A selection of exhibits for a late winter visit to New York City
Library of Dust. David Maisel
Library of Dust
Jan 21- Feb 27, 2010
Von Lintel Gallery
520 W 23rd Street
New York , NY 10011
Von Lintel Blog
David Maisel's Library of Dust features copper canisters in varying states of metamorphosis. The containers are photographed individually, black backdrop in place, each posed like a subject sitting for a portrait. Maisel's treatment of these objects is apropos. The canisters, once stored in a dilapidated outbuilding of a state-run psychiatric hospital, hold the cremated remains of people—more specifically, the unclaimed ashes of the asylum's patients. The Oregon State Hospital, inaugurated as the Oregon State Insane Asylum in 1883, interred the canisters in an underground vault in the mid-1970s. As the vault flooded repeatedly, the canisters—some containing remains more than a century old—underwent potent transformations. The chemical composition of each cremated body's ashes has caused unique and colorful mineralogical blooms to form on its individual copper surface.
House and Car. William Christenberry
House and Car and
until Feb 6, 2010
32 E 57th Street
New York, NY 10022
William Christenberry returns to his home in Hale County, Alabama
annually. Like Walker Evans, his images of the region’s architectural
sites and material culture provide a window into the rural South
by offering prolonged studies of a place over time. For example,
Christ berry’s sequence of 20 photographs, House and Car, near Akron,
Alabama (1978-2005), chronicles the physical transformation of a
single building over the course of 27 years. A related sculpture
gives three-dimensional form to the photographed building, however,
it is not intended to be seen as a replica. Rather, the sculpture
is a hybrid of both the actual image and Christenberry’s own memory
of it. Christenberry elaborates: “they are not models. They are
re-creations. Imaginative re-creations, like dreams.” The powerful
combination of memory and imagination is particularly evident in
Christenberry’s abstract drawings of gourd trees that reference the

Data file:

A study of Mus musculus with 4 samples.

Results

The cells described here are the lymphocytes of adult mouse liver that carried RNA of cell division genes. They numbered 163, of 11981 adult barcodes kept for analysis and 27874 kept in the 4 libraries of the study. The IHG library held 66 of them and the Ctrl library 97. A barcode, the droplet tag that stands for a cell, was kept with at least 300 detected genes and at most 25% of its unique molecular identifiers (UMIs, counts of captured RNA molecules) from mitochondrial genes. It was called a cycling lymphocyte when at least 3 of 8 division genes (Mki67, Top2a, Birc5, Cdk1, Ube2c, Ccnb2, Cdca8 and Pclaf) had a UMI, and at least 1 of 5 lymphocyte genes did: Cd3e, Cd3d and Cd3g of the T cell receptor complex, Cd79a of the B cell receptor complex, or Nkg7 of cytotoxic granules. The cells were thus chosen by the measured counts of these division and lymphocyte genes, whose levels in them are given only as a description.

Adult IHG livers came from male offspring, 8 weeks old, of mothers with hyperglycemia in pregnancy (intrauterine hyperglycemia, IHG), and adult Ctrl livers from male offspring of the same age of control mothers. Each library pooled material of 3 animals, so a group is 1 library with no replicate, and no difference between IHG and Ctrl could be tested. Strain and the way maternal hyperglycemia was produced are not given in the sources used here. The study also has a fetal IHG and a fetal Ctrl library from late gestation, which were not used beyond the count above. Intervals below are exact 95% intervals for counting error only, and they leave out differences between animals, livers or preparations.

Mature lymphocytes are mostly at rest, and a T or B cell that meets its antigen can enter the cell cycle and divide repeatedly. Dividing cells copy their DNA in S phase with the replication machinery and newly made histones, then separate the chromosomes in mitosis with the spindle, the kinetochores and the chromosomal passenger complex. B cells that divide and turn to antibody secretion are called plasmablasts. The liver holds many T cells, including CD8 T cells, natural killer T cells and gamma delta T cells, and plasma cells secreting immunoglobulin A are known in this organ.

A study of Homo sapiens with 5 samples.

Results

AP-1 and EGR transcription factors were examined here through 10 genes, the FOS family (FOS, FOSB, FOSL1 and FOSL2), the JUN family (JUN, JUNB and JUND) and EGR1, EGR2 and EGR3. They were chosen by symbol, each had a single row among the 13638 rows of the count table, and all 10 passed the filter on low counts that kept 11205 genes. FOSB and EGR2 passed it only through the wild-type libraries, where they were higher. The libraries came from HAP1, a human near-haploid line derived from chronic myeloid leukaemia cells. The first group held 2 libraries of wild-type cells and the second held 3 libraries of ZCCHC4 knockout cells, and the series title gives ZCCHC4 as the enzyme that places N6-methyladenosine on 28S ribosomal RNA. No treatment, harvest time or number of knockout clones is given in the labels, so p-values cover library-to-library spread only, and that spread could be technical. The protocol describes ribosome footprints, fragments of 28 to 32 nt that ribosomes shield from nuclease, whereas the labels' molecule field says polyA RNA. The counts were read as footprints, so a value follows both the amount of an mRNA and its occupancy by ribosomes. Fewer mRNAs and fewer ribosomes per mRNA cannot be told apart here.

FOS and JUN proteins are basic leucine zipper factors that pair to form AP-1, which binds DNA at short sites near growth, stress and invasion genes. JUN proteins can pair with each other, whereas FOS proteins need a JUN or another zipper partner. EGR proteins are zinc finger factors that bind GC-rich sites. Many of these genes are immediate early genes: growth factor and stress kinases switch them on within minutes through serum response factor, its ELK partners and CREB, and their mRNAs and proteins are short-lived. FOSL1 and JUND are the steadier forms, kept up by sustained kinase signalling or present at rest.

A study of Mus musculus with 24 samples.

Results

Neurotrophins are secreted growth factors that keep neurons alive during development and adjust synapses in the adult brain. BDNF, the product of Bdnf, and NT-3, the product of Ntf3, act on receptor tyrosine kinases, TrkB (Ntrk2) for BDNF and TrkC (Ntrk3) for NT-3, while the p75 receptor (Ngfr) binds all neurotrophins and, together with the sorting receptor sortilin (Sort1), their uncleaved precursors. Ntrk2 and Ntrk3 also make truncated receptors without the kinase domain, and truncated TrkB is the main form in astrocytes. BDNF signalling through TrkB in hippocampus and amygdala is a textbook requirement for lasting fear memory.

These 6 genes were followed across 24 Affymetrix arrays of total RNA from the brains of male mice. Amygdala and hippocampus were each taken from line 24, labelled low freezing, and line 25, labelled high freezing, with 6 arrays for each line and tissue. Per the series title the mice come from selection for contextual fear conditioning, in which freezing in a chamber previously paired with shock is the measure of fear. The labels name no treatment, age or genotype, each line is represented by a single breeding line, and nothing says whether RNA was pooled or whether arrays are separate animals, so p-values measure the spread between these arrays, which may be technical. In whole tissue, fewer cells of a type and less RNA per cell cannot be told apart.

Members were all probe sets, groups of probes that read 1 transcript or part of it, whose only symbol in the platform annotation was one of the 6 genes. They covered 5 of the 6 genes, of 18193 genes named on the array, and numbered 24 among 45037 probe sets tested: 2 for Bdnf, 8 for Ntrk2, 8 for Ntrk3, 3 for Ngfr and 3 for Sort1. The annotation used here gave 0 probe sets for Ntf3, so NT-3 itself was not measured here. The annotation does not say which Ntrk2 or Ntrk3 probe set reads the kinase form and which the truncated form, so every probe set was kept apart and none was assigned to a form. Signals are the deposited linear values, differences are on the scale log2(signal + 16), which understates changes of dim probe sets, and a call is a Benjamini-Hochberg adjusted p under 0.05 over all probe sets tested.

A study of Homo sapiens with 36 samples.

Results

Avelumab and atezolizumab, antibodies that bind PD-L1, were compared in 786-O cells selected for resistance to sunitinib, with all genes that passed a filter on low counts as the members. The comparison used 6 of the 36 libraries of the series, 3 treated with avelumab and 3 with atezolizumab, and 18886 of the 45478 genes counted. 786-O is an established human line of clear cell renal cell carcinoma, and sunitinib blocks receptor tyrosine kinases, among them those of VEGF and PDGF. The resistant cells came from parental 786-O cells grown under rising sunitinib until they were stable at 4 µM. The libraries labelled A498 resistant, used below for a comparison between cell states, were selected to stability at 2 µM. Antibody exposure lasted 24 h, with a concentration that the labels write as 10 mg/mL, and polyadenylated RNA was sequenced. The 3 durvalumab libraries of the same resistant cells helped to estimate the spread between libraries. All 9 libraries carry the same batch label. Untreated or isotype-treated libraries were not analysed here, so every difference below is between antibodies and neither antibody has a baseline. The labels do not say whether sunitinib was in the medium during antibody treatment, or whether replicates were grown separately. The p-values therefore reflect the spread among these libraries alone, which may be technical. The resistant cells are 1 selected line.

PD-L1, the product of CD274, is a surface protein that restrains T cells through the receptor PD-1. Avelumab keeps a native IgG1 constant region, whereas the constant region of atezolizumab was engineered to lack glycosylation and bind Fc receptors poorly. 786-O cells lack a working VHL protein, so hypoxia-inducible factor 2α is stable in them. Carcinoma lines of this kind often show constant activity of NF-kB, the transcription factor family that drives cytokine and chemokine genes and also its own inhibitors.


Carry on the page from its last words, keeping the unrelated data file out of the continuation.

regional tradition of hanging hollow gourds to attract nesting birds
and generate new life.
Chicago 206. Aaron Siskind 1953
Jan 21- Feb 27, 2010
Alan Klotz Gallery
511 W 25th Street
New York, NY 10001
Museum of Contemporary Photography, Chicago
Architecture was one of Aaron Siskind’s principle photographic concerns during the 1950s. For instance, from 1952 to 1953 he and his students from the Institute of Design were engaged in an ambitious documentation of the Adler and Sullivan buildings in Chicago. Likewise, a similar project involved photographing the interiors of Mies van der Rohe’s buildings.
During the 1950s, Siskind’s primary subjects were urban facades, graffiti, isolated figures, and the stone walls of Martha’s Vineyard. Graphic in form, the subjects of each of these series resemble script, reflecting Siskind’s interest in musical scores and poetry.
Summer Nights. Robert Adams 1980
Summer Nights, Walking
Feb 6 - Apr 17, 2010
Matthew Marks Gallery
523 W 24th Street
New York, NY 10011
Aperture Foundation, Summer Nights, Walking
From the Aperture book description from which this exhibit is based...
In this exquisitely produced book, Robert Adams revisits the classic collection of nocturnal landscapes that he began making in the mid-1970s near his former home in Longmont, Colorado. Originally published by Aperture in 1985 as Summer Nights, this new edition has been carefully re-edited and re-sequenced by the photographer, who has added thirty-nine previously unpublished images. The book is re-designed by revered book designer Katy Homans and printed as dry-trap tritone on uncoated paper by Meridian Printing. It is truly an “objet d’art” for the avid book collector.
Illuminated by moonlight and streetlamp, the houses, roads, sidewalks, and fields in Summer Nights, Walking retain the wonder and stillness of the original edition, while adopting the artist’s intention of a dreamy fluidity, befitting his nighttime perambulations. The extraordinary care taken with the new reproductions also registers Adams’s attention to the subtleties of the night, and conveys his appeal to look again at places we might have dismissed as uninteresting. Adams observes, “What attracted me to the subjects at a new hour was the discovery then of a neglected peace.”